Fanciful font that says: I heart English. The heart is an image of a red checkered heart.

Isn’t English grand?

Even if English has been called “a bastard tongue” by many, I still love it. Complex, creole, and occasionally confusing, English is a language that has borrowed and stolen some of the best elements of other languages to make something all its own. Who couldn’t love the language that gave us hilarious-sounding words like “wabbit” and “nagware”?


1 The English language is always growing.

Yes, it’s true. The English language continues to grow at a breakneck pace. Don’t believe me? Check out the OED’s Twitter account to see how many words are added to the dictionary each year.

2 Shakespeare had a hand in its development.

April 23 is Shakespeare’s birthday, as well as the UN’s English Language Day. What a coincidence! It’s almost like Shakespeare is the father of the English language.

3 English spelling is a glorious mystery, even to its native speakers.

Irregular, inconsistent spelling is one of the things that separates English from many other languages. Languages like French and German, which are closely related to English, generally follow a set of rules when forming different verb tenses, for example. English has so many irregular verb forms that they are almost a rule all on their own.

4 English has some pretty long words . . .

Generally speaking, English is a very efficient language that takes fewer characters than many other Roman-alphabet languages. However, that doesn’t mean English is devoid of lengthy words! Some of the longest words in English might surprise you. For instance, did you know “strengths” is one of the longest monosyllabic (one-syllable) words in English?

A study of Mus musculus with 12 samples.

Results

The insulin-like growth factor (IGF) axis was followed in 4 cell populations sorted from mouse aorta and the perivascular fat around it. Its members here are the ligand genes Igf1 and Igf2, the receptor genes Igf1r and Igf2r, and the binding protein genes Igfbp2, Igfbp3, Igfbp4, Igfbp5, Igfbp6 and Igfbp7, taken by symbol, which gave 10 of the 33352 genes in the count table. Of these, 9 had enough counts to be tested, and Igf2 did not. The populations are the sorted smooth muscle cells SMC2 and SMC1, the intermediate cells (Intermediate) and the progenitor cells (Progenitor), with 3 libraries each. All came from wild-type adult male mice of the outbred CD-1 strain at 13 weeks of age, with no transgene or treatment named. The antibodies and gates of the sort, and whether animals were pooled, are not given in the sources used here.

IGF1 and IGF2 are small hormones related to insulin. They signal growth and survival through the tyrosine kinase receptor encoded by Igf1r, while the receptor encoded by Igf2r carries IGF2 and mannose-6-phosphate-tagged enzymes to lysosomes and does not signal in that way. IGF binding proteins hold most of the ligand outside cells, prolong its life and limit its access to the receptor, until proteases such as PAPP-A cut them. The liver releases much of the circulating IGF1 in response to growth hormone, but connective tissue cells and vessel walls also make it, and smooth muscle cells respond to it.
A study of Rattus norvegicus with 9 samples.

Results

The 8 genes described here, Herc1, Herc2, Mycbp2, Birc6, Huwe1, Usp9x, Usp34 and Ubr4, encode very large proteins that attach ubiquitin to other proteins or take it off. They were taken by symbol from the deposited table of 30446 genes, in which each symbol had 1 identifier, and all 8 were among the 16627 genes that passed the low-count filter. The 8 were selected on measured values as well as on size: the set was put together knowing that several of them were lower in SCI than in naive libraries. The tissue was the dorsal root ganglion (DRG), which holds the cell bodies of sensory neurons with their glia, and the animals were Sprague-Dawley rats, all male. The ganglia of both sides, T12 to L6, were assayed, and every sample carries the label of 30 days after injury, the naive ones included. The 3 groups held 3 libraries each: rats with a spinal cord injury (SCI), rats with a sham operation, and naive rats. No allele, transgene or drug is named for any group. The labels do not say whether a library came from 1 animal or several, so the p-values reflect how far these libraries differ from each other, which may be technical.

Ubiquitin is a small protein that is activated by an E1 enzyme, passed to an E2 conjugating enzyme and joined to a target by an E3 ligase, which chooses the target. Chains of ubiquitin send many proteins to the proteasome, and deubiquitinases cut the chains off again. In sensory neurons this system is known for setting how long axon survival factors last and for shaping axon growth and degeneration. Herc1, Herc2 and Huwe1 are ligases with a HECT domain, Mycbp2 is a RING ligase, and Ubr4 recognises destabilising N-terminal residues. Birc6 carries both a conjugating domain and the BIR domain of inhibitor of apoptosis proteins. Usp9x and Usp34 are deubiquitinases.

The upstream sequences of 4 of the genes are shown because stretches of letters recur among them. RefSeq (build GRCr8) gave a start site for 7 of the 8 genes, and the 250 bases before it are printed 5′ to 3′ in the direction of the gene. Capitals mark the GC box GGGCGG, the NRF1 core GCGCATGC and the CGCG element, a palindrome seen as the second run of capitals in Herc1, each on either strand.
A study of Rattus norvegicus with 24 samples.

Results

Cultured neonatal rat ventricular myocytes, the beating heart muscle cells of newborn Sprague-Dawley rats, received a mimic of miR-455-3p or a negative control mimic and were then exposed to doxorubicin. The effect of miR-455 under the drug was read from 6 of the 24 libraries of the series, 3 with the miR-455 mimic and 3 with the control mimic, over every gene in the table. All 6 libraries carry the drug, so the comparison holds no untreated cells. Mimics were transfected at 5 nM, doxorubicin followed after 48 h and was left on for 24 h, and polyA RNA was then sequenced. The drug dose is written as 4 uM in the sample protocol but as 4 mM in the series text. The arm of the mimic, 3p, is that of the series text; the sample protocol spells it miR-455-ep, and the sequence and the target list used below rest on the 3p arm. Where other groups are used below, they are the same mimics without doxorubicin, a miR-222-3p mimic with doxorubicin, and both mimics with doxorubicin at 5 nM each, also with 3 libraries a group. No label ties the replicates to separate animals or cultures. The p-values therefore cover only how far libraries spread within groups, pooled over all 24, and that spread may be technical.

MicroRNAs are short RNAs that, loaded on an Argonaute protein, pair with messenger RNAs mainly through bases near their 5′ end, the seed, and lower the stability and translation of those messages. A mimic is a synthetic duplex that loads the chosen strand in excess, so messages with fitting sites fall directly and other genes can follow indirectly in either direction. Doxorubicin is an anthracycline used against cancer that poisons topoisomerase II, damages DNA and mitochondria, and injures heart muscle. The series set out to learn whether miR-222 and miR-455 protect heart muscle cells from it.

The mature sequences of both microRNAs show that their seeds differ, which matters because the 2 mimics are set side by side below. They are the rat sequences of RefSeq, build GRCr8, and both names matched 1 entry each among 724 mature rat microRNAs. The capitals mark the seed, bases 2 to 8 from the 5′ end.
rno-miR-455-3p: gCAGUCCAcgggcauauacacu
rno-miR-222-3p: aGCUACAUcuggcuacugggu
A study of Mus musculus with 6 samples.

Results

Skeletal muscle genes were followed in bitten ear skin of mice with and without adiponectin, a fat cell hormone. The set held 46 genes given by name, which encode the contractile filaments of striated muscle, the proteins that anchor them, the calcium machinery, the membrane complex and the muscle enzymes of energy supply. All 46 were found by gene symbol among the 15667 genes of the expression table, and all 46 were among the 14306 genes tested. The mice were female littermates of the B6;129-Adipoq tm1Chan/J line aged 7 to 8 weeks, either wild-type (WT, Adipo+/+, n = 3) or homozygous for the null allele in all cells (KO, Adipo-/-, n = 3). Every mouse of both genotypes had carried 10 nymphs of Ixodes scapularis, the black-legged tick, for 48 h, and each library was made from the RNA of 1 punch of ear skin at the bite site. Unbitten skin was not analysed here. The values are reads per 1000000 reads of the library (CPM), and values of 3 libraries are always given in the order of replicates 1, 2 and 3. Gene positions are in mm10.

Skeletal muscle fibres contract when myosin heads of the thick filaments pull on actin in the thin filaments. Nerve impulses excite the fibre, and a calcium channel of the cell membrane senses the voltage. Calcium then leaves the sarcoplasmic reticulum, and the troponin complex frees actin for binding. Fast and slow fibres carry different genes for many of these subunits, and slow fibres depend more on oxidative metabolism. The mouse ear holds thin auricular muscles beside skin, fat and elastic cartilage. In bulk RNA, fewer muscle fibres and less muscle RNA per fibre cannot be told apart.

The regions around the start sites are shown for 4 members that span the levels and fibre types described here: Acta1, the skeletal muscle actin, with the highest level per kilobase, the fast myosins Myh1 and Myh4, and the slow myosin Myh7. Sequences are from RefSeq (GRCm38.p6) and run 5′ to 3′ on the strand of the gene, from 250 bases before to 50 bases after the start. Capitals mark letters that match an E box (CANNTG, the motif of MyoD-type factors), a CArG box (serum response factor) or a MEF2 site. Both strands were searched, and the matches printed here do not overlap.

5 . . . and some short ones, too.

On the flipside, English has many one- and two-letter words. Often, these “little words” are articles or conjunctions, but once again, there are a few suprises!

6 There are multiple dialects.

Another spelling conundrum English presents is its obsession with creating different spelling rules for different dialects. Just ask any British, Canadian, American, Australian, Indian, or Nigerian English speaker how to spell “city center.” You’ll get at least two different answers (due to different allegiances to British and American spellings), or possibly three!

7 English is old. Ancient, in fact.

Although Shakespeare is credited with coining a large number of words we now use in English, the language predates him by hundreds of years. In fact, researchers have found that some words in English have remained completely unchanged for thousands of years! Even though it has kept some of these very old words, English has also added new ways to express emotion, meaning, and scientific facts. Clearly, the English language is like a fine wine—it gets better with age.

Did I miss one of your favorite anglophone facts? Let me know below!